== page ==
Q. How does the current appointment process differ from the previous one?

A. The current legislation is less prescriptive and eliminates most of the procedural aspects of the previous legislation. This means that deputies have much more flexibility to develop the types of processes that best meet their organization's strategic objectives and HR plans. At the same time, the legislation (PSEA s.16) requires that deputy heads respect Commission policy in exercising their delegated authorities.

Q. What is the most significant difference between the previous and current systems?

A. In addition to the flexibility inherent in the legislation, the most significant difference is the increased emphasis on HR planning in the appointment process. The current system is not only about staffing vacant positions but using planning so that positions that have been identified as future vacancies can be filled more quickly. Where specific vacancies have not been forecast, HR planning can speed up staffing by identifying current and future organizational needs which will be used to fill positions in the future. In the current system, understanding your appointment needs is essential. Without HR planning, organizations won't be able to fully access the flexibility inherent in the Act. HR planning is also important in order to be able to support appointment decisions in front of the PSST.

Q. Why do we have different terminology - "policy" in English and "lignes directrices" in French?

A. We have used the language of the legislation, particularly PSEA s.16, which states that deputy heads are subject to any policies established by the Commission. The legislation translates "policies" as "lignes directrices".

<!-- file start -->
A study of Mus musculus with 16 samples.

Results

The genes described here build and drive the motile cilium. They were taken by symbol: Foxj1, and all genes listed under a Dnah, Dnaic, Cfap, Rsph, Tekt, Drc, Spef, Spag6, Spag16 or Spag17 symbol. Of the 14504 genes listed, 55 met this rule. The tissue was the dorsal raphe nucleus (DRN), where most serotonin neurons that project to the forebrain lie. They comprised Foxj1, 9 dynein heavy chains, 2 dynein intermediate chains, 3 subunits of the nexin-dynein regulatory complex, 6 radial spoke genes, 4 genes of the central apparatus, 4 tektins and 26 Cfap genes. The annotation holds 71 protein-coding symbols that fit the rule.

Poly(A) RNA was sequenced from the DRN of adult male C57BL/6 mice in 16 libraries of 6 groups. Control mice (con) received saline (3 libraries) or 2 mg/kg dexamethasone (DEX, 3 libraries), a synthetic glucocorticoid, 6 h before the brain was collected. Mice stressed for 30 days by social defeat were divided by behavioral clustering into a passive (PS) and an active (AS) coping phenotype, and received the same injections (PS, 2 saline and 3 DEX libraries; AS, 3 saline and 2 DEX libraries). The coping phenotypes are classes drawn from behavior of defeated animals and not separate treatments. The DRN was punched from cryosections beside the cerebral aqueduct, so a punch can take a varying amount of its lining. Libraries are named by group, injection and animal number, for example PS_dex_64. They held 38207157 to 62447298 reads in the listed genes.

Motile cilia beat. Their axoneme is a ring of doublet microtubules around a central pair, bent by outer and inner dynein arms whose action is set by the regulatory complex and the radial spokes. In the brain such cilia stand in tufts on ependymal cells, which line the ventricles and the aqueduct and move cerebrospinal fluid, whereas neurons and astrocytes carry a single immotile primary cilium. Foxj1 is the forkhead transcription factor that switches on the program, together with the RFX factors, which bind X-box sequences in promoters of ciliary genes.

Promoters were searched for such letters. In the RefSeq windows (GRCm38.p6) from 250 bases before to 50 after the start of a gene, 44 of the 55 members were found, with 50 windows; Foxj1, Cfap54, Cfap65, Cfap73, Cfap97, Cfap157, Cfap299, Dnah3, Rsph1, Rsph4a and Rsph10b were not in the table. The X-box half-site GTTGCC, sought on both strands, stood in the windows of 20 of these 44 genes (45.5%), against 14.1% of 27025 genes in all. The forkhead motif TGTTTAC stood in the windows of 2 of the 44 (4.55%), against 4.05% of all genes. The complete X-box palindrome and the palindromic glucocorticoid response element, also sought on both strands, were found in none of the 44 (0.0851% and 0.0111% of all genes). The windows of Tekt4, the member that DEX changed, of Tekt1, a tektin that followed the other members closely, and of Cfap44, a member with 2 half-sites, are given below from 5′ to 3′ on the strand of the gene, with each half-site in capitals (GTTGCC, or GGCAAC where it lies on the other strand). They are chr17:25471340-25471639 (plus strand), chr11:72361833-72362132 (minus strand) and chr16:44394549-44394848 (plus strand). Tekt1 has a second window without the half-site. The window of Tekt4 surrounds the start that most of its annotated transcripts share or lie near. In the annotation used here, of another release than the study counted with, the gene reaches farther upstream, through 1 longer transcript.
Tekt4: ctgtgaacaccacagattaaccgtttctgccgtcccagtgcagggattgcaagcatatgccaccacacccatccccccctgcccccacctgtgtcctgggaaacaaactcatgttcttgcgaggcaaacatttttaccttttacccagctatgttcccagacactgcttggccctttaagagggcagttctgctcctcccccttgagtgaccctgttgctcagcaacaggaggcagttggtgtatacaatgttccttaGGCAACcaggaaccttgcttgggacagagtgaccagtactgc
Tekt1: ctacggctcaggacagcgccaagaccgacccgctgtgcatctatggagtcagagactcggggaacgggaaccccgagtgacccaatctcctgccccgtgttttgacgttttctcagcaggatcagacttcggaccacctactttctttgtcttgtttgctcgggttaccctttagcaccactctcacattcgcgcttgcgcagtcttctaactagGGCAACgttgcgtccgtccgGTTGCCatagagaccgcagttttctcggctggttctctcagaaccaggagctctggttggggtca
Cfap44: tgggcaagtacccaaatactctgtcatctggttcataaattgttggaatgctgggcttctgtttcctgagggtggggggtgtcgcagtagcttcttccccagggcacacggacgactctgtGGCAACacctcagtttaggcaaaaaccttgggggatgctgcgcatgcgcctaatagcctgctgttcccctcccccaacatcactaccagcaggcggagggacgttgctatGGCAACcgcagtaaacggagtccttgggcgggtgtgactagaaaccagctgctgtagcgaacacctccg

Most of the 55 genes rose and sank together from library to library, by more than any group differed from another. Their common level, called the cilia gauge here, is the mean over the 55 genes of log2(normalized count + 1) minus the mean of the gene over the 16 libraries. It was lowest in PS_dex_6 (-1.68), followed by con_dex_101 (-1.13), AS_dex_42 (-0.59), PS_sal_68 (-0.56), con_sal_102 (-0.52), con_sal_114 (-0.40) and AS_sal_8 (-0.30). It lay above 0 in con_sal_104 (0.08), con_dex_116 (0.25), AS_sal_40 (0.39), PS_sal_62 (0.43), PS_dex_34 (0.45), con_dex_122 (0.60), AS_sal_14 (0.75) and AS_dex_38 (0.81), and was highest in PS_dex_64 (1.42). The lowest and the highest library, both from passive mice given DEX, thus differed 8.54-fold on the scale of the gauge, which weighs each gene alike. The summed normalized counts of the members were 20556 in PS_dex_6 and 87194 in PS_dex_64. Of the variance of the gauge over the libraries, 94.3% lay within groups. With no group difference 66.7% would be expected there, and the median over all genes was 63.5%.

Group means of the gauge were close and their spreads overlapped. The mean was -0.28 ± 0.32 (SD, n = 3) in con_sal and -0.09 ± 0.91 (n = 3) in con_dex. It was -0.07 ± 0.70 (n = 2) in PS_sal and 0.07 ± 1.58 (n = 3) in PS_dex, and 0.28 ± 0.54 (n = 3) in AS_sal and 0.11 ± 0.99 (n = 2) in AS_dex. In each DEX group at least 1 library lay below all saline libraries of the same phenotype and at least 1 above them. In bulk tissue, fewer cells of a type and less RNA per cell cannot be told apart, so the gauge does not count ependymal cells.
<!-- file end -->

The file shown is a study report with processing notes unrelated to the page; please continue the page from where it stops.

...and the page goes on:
Q. How did the PSC decide on where policies were needed?

A. Once the legislation was passed, a series of internal risk assessment sessions took place to identify key decision points in the appointment process and determine where direction was required, for example in new areas like informal discussion or complex areas like area of selection. While the Commission won't be establishing policy which dictates the selection process itself, policy was developed to support those common decision points and overarching issues (such as Employment Equity and Official Languages) that all organizations will face throughout appointment processes.

Q. Do deputy heads have to develop policy for all the stages of the appointment process?

A. No. Deputy heads are required to develop policy on Area of Selection and Corrective Action and Revocation. When they are developing their appointment system, they may also decide that other internal policies or guidelines are necessary for their organization.

Q. Do organizational policies have to look like PSC policies?

A. No. The PSC has provided a guide to develop organizational policy, but deputy heads will decide what is appropriate based on Commission direction and their business needs.

Q. How formal do organizational policies have to be?

A. The degree of formality depends on the organization, but each policy must include those requirements identified in the PSC appointment policies. For example, a policy for a small organization might be less formal than for a larger organization because it has fewer levels of management or is less geographically dispersed.

Q. How free are organizations to set up their policies, processes, tools, etc.?

A. Organizations are free to set up their own policies, processes and tools as long as they respect the legislation and Commission policies. For example, there are the guiding values such as fairness, transparency, access, and representativeness, and steps such as assessment and selection, that have to be respected when making appointments. Commission policies provide a general framework, within which organizations have a great deal of room to customize their own approach.